What Is Civil Asset Forfeiture? A Quick Guide
If you’ve been paying attention to current events at all over the last year or so, you’ve probably heard the term “civil asset forfeiture” being thrown around on occasion. While it’s not really talked about all that commonly, it’s been thrust back into the spotlight thanks to controversial actions by the Department of Justice, started last year. On this blog, we’ll discuss what this practice entails and what it might mean for you if you’ve been accused of a crime.
What Is Civil Asset Forfeiture?
First, the big question: what is civil asset forfeiture? Also known as “civil forfeiture” or “civil seizure,” this practice allows law enforcement or authorities to seize property from those accused of a crime, notably that which they suspect has a connection to the crime in question. The kicker is, however, that in many cases the property in question is seized without a warrant, and with nothing more than the person in question being placed under arrest.
Proponents of this practice argue that it’s a strong deterring to organized crime, such as the narcotics trade. The illegal drug trade is a $12 billion industry where the overwhelming majority of transactions are illegal. By enabling authorities to simply arrest and take away the assets associated with this drug trade, proponents argue they can use these assets to provide funding for their departments.
However, many additional people feel as though this setup is ripe for abuse, and sadly on many occasions they’ve been proven correct. Civil forfeiture doesn’t require that someone is proven guilty before seizing their assets, only that they be arrested on suspicion of being involved in the crime. With the arrest alone being enough to warrant an arrest, there is no due process required for the accused’s right to property is violated. In many cases, this more so means that the accused is presumed guilty rather than innocent, and thus they are required to prove their innocence and that the property has no illegal connections in order to get it back. In some cases, those who have had their property seized never actually had their property returned because it was processed and then used to fund the department, which critics have claimed is nothing more than legalized robbery by an authority figure.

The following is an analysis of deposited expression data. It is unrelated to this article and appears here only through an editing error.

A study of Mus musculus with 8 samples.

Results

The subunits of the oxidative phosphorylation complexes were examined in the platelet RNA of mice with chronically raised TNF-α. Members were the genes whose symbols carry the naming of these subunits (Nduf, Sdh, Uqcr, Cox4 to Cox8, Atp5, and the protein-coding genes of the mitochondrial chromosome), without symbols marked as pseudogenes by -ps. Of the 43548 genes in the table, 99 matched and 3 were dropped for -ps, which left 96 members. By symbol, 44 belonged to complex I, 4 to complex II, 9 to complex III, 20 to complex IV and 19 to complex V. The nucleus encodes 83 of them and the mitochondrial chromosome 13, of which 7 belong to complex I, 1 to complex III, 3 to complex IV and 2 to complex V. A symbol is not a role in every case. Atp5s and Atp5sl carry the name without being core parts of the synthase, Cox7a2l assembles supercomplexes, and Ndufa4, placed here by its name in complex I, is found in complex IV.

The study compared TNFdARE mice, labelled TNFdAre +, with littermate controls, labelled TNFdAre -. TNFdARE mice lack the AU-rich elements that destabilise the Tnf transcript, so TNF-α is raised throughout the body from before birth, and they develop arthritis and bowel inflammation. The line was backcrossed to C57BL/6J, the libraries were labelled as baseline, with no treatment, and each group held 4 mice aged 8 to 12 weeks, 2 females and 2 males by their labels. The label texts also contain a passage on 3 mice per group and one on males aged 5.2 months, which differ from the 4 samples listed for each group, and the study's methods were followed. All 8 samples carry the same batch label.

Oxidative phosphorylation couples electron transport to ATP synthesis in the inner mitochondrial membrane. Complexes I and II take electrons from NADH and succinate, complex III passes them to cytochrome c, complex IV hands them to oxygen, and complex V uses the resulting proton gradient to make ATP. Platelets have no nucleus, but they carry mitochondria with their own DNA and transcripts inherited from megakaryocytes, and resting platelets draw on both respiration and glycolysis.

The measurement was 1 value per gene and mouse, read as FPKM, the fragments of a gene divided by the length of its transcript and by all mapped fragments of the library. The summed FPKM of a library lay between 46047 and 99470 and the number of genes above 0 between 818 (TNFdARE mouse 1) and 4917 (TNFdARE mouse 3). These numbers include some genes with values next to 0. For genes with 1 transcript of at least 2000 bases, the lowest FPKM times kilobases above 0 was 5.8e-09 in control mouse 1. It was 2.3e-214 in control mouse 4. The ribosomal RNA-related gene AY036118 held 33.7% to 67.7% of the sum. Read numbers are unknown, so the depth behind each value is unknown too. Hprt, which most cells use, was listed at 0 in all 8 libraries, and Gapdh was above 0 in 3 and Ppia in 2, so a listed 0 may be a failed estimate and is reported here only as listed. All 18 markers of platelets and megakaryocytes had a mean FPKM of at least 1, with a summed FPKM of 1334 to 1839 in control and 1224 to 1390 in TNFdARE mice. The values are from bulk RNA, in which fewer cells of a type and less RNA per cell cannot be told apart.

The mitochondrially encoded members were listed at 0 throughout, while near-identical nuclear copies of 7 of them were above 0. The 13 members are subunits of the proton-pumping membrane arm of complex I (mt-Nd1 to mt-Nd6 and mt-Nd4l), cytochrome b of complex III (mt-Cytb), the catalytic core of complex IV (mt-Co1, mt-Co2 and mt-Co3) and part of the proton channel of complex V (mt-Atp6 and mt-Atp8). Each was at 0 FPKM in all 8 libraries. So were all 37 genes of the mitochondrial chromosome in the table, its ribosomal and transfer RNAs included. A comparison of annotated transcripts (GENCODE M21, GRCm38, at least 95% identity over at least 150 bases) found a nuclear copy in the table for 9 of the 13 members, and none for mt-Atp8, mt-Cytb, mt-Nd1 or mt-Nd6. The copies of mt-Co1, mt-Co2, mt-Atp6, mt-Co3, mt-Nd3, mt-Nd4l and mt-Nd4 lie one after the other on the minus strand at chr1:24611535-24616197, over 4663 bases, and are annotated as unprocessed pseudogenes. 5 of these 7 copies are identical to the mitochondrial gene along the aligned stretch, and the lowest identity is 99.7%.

Civil Forfeiture in Florida
This controversial practice varies widely from state to state, with different states having different laws regarding how much protection citizens are given. Nine states require nothing more than just “probable cause” or enough of a suspicion of a crime to make an arrest, in order to seize someone’s property. New Mexico is the only state to have completely abolished asset forfeiture entirely.
However, Florida is a particularly friendly state for the accused, being rated a seven out of nine on a scale created by the Institute for Justice (one being worst citizen protections, nine being best). Florida requires that someone be found guilty “beyond a reasonable doubt” in order to be eligible to have their assets seized. “Beyond a reasonable doubt” is a standard of evidence which essentially states that the evidence presented shows that the prosecution’s case has been proven accurate in such a way that no reasonable person would harbor any “reasonable doubt” that the defendant is guilty. This doesn’t necessarily mean that someone needs to be convicted of the crime, but essentially one step before this level is enough burden of proof according to Florida law.
This does mean that Florida law does allow asset forfeiture, but it essentially mandates that someone be proven guilty to a high standard of evidence before this practice is allowed to take place. However, this does not exempt law enforcement from seizing property they wish to submit as evidence against you. For example, authorities can legally seize a murder weapon from someone they arrest on suspicion of the crime in order to determine if in fact it was the one in question.
If you have been arrested and had your property seized by law enforcement, it’s important that you have a Daytona Beach criminal defense attorney on your side to help you protect your rights and prevent you from falling victim to authorities and law enforcement acting outside their legally-prescribed boundaries.Don’t hesitate to reach out to a skilled attorney at Hager & Schwartz, P.A. by calling us today at (386) 693-1637 for a case evaluation!